The Office for National Statistics may sound dull, but I was struck by their latest publication which shows the average life expectancy for everyone across the UK.
The headline figures don’t really tell us much that is original: there is a north south divide, with people living on average 3-4 years longer in Kent than in Kirkcaldy. This much we knew. We are also living longer overall, with men living three years longer and women just one year longer, than when figures were taken in 2003. Again, no real surprise.
But the bit that caught my attention was the list of areas where the change had been the biggest. We are all living longer – but where has the improvement been best? Where is immortality closest?
Honourable mentions must go to the London Boroughs of Haringey, Camden and Southwark, where life expectancy is up by 3.9, 3.7 and 3.4 years. And I suggest you stay away from Orkney, which is the only place in the UK where life expectancy has actually gone down, by almost 5 months. It must be the wind.
But step forward and take a bow Kensington and Chelsea, where life expectancy has gone up a remarkable 4.1 years for men and 4.8 for women. If you are born in the Royal Borough you can now expect to live to the ripe old age of 89 for the ladies and almost 85 for the chaps.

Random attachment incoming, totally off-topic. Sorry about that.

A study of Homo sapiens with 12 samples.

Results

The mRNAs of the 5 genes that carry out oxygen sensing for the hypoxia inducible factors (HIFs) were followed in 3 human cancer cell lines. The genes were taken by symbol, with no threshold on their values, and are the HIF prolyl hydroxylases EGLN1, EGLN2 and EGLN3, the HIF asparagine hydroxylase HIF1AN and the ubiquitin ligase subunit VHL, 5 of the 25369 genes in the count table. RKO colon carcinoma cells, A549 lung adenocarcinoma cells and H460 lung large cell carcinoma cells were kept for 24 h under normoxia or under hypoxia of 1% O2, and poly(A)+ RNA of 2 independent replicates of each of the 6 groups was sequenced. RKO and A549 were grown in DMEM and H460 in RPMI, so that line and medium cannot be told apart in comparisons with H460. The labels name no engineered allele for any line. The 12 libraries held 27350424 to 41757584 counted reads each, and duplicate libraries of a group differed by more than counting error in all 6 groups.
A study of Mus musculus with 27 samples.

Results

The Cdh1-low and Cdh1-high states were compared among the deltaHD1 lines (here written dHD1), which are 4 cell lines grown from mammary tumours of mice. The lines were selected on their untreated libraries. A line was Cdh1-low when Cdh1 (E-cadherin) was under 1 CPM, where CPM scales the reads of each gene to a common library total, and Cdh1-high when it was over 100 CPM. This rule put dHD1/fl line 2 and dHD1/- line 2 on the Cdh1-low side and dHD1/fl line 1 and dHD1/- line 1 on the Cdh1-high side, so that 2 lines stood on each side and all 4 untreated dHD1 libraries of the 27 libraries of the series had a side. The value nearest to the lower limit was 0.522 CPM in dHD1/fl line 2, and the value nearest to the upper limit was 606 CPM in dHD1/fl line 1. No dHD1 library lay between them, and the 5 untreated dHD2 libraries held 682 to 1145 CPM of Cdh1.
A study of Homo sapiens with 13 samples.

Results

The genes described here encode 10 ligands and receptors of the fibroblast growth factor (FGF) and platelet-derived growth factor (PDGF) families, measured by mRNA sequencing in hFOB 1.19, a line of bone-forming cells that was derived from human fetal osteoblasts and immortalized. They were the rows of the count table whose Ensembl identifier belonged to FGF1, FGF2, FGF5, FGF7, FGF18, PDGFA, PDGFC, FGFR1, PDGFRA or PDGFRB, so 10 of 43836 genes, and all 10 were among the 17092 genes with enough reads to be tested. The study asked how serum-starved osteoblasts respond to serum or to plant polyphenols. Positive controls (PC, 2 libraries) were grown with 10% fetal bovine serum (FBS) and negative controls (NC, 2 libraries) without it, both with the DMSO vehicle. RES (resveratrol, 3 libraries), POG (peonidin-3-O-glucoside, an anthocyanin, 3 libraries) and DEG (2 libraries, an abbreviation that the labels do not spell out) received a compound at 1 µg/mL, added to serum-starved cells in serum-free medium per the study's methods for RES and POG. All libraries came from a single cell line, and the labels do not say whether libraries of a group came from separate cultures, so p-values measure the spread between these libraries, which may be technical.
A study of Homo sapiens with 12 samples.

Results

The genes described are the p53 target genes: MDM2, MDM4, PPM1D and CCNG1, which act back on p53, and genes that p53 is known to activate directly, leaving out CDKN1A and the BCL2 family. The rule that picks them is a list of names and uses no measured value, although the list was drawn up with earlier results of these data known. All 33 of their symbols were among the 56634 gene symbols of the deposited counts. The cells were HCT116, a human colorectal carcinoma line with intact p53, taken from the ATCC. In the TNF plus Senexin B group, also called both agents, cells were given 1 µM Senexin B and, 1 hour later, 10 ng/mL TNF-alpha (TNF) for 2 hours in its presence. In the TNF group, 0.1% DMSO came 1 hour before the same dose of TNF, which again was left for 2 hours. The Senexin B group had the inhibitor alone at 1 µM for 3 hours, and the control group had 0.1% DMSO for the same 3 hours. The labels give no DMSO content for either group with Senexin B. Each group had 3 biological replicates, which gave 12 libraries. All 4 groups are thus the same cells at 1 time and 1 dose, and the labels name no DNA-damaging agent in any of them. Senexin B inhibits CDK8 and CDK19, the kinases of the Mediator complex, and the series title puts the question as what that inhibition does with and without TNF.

Why is this? Well, wealth must play a part as some of the very richest areas in the land are to be found in K&C, and the richer you are, the healthier you tend to be. But this cannot be the only reason, as shown by the very healthy increases in less salubrious and well off areas like Haringey, Southwark and Camden.
Whisper it gently, but maybe, just maybe, spending on public health is working? Maybe the money ploughed into inner city areas over the last 15 years is paying health dividends? Maybe the five a day campaigns and the Sure Start programmes do something other than fill cynical column inches? Maybe the policy of screening to search for diseases before they can be seen is saving lives? Or could it even be that the health workers who slog away at supporting, advising and intervening are actually making a real difference?
I’m not sure what we should do with this information. We could move en masse to the Royal Borough, or stay where we are and try to influence health policy in our local borough.
So I suppose it’s up to you: get involved or get packing.
Mark Wall is Director of Mark Wall Communications and an Associate at The Campaign Company and can be followed on Twitter @markwallcomms. He writes for TCC on a range of Communications issues. If you want to see what your primary values set is, why not take the simple Values Questionnaire here.